By Patrick Szpak
The Ryersonian’s March 21 cover is causing a small discussion among those who care about such things around Ryerson’s campus. For us, their timing couldn’t have been better, since the story, dubious as it is, is perfect fodder for our parody insert of The Ryersonian and the reason why we have Hitler on our cover, which, to be perfectly clear, is a parody of The Ryersonian’s story on a local racist and bigot.
Stripped of its pretensions, The Ryersonian story is not about racism on campus (which does exist), or sparking debate about racism (the debate is already underway, you may have seen the posters advertising elimination of racism day), but is in fact about a bigot and his thoughts on Ryerson and one of its students. Perhaps good news judgment, in this case, wasn’t exercised. (Goodness knows we’ve been there too.)
In a story that began with a bunch of clowns running a laughable Facebook site called “I’m a White Minority @ Ryerson” — a story the Eye decided to ignore weeks before the competition gave it front-page coverage — The Ryersonian has followed every lead. Through its own coverage, The Ryersonian has propelled the story further and further, finally ending up in the sewer quoting the cretins at stormfront.org. The star source in the story is Don Andrews, an old racist troll The Ryersonian coaxed out from under his bridge to adorn their front page. His connection to Ryerson? He graduated from here almost 50 years ago. Great. Oh, and he runs a racist website on the Internet (wow).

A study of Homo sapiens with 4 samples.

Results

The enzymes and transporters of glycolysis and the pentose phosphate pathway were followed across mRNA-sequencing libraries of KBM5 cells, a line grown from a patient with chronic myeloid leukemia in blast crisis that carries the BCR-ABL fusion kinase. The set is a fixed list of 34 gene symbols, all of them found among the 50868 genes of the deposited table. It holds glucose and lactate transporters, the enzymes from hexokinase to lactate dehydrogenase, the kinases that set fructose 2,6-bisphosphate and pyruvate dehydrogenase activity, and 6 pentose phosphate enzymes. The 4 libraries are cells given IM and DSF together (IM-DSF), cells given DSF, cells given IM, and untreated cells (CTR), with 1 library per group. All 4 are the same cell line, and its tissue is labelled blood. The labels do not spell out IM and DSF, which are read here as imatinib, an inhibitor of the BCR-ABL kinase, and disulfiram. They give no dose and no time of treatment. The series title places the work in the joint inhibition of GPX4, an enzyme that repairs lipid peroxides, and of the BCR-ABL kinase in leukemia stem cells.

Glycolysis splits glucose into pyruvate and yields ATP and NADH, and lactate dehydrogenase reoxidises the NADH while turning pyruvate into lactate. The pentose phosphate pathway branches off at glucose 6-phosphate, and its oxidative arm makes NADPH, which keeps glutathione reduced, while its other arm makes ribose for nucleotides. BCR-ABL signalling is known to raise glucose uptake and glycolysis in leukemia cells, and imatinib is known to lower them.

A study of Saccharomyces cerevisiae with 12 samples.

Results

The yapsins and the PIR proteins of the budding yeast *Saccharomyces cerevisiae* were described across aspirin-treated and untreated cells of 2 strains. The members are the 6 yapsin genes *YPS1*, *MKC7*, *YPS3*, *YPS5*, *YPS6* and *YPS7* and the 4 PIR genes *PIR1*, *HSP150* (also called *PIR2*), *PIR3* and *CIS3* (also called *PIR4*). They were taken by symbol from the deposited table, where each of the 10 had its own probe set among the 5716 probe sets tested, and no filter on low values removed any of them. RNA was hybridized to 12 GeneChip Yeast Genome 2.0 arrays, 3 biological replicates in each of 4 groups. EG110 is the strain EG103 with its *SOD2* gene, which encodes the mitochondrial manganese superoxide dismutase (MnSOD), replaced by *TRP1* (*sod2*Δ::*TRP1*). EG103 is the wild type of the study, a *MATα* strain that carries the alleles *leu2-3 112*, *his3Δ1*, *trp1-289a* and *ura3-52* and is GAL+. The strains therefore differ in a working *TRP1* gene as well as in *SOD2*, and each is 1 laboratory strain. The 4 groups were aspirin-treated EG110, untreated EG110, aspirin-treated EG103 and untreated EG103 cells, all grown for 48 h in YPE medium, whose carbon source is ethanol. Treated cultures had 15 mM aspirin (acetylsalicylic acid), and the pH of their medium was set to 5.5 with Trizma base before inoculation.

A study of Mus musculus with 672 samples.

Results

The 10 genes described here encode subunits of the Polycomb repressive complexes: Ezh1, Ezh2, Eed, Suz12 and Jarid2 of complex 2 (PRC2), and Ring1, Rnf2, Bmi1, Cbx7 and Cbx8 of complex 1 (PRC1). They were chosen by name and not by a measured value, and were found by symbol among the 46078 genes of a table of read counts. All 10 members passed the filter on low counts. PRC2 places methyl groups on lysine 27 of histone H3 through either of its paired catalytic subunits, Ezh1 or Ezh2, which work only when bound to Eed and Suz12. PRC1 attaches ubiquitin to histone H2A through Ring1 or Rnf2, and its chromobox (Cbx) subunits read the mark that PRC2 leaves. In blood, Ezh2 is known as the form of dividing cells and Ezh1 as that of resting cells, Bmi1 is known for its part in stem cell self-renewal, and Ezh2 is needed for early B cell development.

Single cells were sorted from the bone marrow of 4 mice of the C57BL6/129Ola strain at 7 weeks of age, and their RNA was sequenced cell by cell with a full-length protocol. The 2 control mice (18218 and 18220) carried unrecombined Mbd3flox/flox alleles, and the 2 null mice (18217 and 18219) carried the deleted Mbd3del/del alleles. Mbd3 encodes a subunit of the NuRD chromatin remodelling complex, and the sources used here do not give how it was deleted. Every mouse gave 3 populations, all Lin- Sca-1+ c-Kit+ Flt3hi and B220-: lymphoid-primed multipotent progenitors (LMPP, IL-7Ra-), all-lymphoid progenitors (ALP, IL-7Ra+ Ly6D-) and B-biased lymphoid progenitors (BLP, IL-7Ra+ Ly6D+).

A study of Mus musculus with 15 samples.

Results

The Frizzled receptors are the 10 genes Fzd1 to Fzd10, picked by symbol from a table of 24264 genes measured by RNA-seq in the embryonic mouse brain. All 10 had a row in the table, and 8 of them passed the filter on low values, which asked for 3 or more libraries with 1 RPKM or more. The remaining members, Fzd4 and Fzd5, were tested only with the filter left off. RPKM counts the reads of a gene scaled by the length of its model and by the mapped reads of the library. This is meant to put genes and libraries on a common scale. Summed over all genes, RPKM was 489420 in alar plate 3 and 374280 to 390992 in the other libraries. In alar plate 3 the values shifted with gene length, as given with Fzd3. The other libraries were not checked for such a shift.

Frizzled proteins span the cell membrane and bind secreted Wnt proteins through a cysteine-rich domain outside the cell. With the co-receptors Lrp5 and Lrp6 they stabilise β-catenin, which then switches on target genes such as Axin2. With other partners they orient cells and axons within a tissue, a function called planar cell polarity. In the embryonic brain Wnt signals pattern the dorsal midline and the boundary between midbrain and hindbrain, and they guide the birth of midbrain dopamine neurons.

On a campus where more than a third of students are visible minorities, racism, in its many forms, is a topic for discussion and a story for newspapers. Vigilant and strong reporting on systematic racism on campus and racist acts by students or professors is needed to expose racism and its injustices. However, just because a news story’s subject is racism does not automatically make it strong or news-worthy.
Reporting on racism has its pitfalls, like having to talk to racists and bigots, and then having to put what they say on the printed page for all to see. If a paper chooses to talk to a bigot and let them say their piece on the front page, they should be doing it for the right reason — namely, exposing racism on campus to the public eye, hopefully as a means of rooting it out. It becomes a problem if a bigot is given front-page prominence simply as a means of boosting a story’s stature and sensational appeal as a substitute for substance. Not to say that The Eyeopener has never used sensationalism to stir public debate, but careful judgment is essential.
From the beginning, The Eyeopener has chosen not to follow this story, even if it has meant being out-scandaled by The Ryersonian. Not that we haven’t thought about it. Fierce debate has ensued about whether to/how to cover this escalating story. After being scooped on the “Loreto Death Threat” issue two weeks ago, two Eye reporters were finally assigned to the story, although after the initial competitive shock wore off, we decided all the original reasons for not following the story were still valid, and the reporters were called off.
When the debate is not about the content of the story and the injustice it has uncovered, but rather about a paper’s decision to run the story, we have entered a troubling area where it is the media that are playing too big a role in making the news through the controversy created by their sources or subjects.
It is our belief at The Eyeopener that The Ryersonian’s recent front-page news-feature of confirmed bigot Andrews’ deep thoughts on racism, and his opinion of Ryerson Students’ Union VP Nora Loreto is not only questionable, but parody-worthy. We want better reporting on racism, not sensational reporting on racists. With respect to our colleagues at The Ryersonian: Stop feeding the trolls.